Well, that was fast. Just months after U.S. CTO Aneesh Chopra challenged the nation’s utilities to build a “Green Button” system to share their customers’ energy data, California’s biggest utilities have risen to the challenge.

That’s the news from Wednesday’s Green Button event in Santa Clara, Calif., where utilities and smart grid vendors are touting the launch of what could become a nationwide standard for delivering household energy data in a common format.

After months of behind-the-scenes work, Pacific Gas & Electric and San Diego Gas & Electric have announced they’re delivering Green Button data to about 6 million California customers. Southern California Edison plans to roll out the button to its 4 million customers later this year, and according to a White House announcement, utilities in other states, including Texas-based Oncor and Mid-Atlantic utility Pepco, are expected to join the party soon. 

In the meantime, smart grid vendors are launching platforms and applications to make use of this home-by-home energy data. In particular, Boulder, Colo.-based Tendril announced Wednesday that it is now supporting Green Button natively on its smart energy management platform in use by utilities including SDG&E.

Tendril also launched an online “application gallery” where customers can log in, send over their data and start crunching it in new and interesting ways, according to Cameron Brooks, Tendril’s vice president of policy.

“You’re going to see a very simple interface from us, that will allow consumers to drill down and see what their energy consumption looked like over any time period,” he said.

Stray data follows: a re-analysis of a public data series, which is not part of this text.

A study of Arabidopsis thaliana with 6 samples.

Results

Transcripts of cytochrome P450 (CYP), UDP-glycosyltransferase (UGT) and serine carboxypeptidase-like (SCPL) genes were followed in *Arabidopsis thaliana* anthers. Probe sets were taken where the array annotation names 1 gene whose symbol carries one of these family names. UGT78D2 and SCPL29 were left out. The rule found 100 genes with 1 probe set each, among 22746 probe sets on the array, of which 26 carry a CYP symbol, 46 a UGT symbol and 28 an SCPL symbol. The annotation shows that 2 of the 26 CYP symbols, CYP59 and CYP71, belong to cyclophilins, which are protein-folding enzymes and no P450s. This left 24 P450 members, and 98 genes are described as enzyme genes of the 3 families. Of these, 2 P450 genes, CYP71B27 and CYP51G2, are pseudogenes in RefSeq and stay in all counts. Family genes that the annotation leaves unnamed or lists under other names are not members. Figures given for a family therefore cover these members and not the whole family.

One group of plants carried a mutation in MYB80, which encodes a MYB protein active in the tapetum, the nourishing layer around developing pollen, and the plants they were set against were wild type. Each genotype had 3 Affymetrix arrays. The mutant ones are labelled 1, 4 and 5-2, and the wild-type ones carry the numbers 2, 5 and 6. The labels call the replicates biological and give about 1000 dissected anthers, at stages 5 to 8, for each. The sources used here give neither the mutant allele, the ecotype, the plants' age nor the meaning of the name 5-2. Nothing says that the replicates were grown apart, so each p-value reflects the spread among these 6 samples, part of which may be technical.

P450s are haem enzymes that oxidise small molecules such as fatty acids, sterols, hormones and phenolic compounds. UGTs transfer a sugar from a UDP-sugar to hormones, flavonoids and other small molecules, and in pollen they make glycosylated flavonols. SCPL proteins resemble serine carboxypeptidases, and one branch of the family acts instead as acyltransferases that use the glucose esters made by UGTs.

While it’s a bit early to say what kinds of apps will be available, Brooks highlighted a few, including Simple Energy’s online energy-saving game platform, or Dr. Wattson’s rate structure planning tool, that work on Tendril’s platform. Others may emerge from the startup’s latest contest for new app developers.  

Likewise, Opower, which runs the platform that delivers Green Button data to PG&E customers, is pretty much ready to deliver the same kind of data -- energy usage over time, pricing and bill data, and comparisons to past usage patterns -- to any of its more than 60 utility customers, Ogi Kazavozic, vice president of marketing, said.

Opower delivers its targeted, data-driven energy efficiency tips to utilities that collectively have about 60 million U.S. households as customers. About 10 million of them are interacting online with the Arlington, Va.-based startup’s cloud-based platform, Kazavozic said. That gives a sense of the potential market for customers ready to interact with their energy data.

Opower is working with Facebook to develop an app to let customers share and compare their energy use on the social media platform, though the launch date for that hasn’t yet been set. That’s another potential venue for Green Button data to be exchanged.

To get there will take both more utilities participating and more fine-tuning of the system itself, however. Kazavozic noted that today’s Green Button data is coming to customers in typical database formats like CSV (comma-separated values) files, which can be imported into tools including Excel. Upcoming iterations of the data will come in XML (extensible markup language) format, which should make it easier for third-party application providers to interact with it, he said.

The Green Button system is based on a developing standard called Open Automated Data Exchange (OpenADE). The particular standard for that common format, known as Energy Services Provider Interface (ESPI), was finalized in a 1.0 version in October, and the federal government wants to make it a national smart grid standard.

Just how fast it might spread to other utilities in other states is hard to predict. California’s big three utilities are under more pressure than most, since the California Public Utilities Commission is demanding that all three start sharing energy data with their customers as soon as possible.

Another interesting potential market is Texas, where the state’s biggest utilities are consolidating smart meter data on a single portal and recently enlisted Simple Energy to set up its social networking app for them.